Nature, Spirituality

A Lesson from Nature

This morning as I walked back from pilate class I was greeted by my favourite flowers- Shiuli/Harsingaar/Night Jasmine. Each year they arrive precisely around the time autumn begins to set in and disappear with the onset of winters. So they are our fleeting guests for a month and a half. But it goes without saying that they leave an indelible mark in my heart and I look forward to their arrival with much anticipation. Many of you I’m guessing know this, from my earlier posts.I grew up welcoming the Shiuli every Pujo. Gathering them and thereafter threading garlands for Ma Durga. They not only make me nostalgic but give me a heady sense of happiness.
I could relate them to the Leonard Cohen song, “You fill up my senses.” Quite literally!
Today as I looked at them in awe like I always do, the Shiulis that lay strewn over the grass and cobbled path communicated something profound to me. Something I hadn’t imagined.
They were telling me, “We live for a short duration. We bloom in the darkness, intoxicating your senses. Next morning we fall to the grass along with the dew drops. We carpet the ground beneath us with our orange stems and pristine white petals, becoming one with nature and mankind. Sometimes people trample us by, yet we are glad that we arrived and made the best of this short-lived life, by spreading some fragrance in your lives.”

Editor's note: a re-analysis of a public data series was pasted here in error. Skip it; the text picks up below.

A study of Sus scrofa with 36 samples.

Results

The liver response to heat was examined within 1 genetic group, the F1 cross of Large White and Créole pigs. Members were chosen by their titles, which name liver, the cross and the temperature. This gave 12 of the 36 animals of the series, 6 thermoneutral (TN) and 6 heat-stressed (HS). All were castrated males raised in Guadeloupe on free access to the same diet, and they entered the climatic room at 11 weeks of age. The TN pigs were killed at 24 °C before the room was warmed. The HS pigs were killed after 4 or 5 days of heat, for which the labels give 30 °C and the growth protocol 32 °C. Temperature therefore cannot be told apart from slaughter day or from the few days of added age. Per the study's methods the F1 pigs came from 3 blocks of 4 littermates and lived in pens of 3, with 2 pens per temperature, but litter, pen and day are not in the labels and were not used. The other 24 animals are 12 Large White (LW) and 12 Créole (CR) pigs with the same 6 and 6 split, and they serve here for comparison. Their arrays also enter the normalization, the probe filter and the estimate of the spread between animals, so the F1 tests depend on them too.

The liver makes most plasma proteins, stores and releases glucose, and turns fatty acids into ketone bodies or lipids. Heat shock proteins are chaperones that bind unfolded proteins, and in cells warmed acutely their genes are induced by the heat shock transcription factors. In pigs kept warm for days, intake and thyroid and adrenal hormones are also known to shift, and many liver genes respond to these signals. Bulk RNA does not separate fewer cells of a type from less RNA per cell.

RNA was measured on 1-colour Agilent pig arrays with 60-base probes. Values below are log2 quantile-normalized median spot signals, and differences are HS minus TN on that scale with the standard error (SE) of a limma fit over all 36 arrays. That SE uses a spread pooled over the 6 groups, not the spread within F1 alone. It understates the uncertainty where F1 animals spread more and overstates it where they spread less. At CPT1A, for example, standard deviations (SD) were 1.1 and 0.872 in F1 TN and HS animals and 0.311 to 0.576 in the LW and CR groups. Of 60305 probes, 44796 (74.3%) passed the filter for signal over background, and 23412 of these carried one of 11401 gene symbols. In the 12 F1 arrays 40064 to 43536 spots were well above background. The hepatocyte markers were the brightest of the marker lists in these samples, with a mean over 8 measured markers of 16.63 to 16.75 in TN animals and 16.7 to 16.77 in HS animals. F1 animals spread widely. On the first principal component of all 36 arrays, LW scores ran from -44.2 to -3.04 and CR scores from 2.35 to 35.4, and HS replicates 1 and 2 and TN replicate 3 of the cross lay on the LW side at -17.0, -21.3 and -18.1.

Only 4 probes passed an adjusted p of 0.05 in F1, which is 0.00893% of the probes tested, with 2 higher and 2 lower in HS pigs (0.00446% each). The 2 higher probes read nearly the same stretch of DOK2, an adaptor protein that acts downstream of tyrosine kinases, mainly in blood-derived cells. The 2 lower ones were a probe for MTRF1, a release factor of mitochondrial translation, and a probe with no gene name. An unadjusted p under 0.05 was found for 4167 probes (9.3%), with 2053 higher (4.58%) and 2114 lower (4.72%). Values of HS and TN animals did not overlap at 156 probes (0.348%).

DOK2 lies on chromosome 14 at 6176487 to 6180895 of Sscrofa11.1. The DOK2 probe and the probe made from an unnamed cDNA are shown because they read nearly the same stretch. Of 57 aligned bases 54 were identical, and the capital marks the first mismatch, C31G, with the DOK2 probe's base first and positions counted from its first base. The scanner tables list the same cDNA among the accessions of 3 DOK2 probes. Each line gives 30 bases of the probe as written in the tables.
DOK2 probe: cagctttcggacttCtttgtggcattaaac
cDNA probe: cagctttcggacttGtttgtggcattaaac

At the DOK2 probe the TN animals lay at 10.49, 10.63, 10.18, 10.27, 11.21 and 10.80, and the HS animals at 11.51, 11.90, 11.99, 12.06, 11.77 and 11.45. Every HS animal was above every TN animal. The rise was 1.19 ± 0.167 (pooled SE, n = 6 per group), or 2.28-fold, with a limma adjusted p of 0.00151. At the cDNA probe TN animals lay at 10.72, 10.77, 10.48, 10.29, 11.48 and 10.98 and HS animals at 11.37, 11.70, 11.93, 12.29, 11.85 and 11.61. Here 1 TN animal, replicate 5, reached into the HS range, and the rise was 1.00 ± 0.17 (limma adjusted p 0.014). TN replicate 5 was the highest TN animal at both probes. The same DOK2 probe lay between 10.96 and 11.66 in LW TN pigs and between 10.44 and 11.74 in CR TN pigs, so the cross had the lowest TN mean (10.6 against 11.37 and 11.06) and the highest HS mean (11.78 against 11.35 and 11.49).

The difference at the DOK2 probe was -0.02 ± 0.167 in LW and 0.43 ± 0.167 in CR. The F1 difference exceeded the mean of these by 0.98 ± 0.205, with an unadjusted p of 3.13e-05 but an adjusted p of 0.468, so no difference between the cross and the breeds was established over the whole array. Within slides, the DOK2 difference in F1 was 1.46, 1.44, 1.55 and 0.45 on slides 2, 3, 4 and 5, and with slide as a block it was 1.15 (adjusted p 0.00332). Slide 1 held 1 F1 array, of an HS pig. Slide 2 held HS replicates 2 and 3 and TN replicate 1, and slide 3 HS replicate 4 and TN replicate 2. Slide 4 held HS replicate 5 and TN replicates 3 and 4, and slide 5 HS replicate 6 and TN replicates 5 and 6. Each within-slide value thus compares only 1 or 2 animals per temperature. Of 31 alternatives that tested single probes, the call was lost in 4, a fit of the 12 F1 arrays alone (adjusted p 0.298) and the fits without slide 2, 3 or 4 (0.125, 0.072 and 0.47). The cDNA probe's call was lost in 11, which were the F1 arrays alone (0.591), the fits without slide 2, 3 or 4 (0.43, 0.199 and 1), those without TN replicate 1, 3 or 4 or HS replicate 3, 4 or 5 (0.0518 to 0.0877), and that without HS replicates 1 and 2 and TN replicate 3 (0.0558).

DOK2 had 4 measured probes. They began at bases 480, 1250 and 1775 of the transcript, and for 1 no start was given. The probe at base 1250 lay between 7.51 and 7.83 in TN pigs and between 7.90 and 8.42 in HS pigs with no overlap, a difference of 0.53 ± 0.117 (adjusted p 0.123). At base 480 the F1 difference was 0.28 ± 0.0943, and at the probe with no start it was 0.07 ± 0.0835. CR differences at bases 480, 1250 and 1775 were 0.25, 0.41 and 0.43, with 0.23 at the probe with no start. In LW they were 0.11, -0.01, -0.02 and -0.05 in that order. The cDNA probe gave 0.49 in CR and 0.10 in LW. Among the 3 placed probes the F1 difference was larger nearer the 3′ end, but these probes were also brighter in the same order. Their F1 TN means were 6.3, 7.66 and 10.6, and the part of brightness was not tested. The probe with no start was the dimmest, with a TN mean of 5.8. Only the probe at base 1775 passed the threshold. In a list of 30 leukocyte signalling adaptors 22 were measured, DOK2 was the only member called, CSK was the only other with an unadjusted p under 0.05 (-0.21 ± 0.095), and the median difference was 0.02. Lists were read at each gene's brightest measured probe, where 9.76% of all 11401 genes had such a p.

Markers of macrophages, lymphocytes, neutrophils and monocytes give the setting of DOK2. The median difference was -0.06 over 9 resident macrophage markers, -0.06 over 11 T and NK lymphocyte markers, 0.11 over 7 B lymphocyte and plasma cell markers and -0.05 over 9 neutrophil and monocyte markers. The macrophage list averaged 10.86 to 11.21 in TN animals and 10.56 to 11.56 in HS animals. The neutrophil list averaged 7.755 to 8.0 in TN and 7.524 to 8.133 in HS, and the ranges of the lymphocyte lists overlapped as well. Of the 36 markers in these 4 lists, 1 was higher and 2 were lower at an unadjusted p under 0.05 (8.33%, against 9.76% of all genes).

It got me thinking. Life has no guarantees and unlike the Night Jasmine we wont know when our end is near. So why don’t we just embrace and cherish each moment of life that has been bestowed upon us and continue to spread humanity and goodness?
We may be trampled and looked down upon, but continuing to live joyfully and strive ceaselessly, will make this life worthwhile.
Look inside, there is a Night Jasmine hiding within all of us.

5 October 2016

#AutumnAdvent #SpreadLoveNotWar


3 thoughts on “A Lesson from Nature

  1. Shiuli has a way of invoking memories, enabling spiritual communions, heralding change-the transition from autumn to winters with it’s heady intoxicating presence. They are little messengers from God who unfailingly enthrall my life year after year. Thanks for coming by Susmita. 🙂

  2. Had read this before. But read it again, to revisit the mirth spread by the simplicity and fragrance of the shiuli, strewn on the grounds, as if carpeting the earth and sending an invocation to the goddess Durga.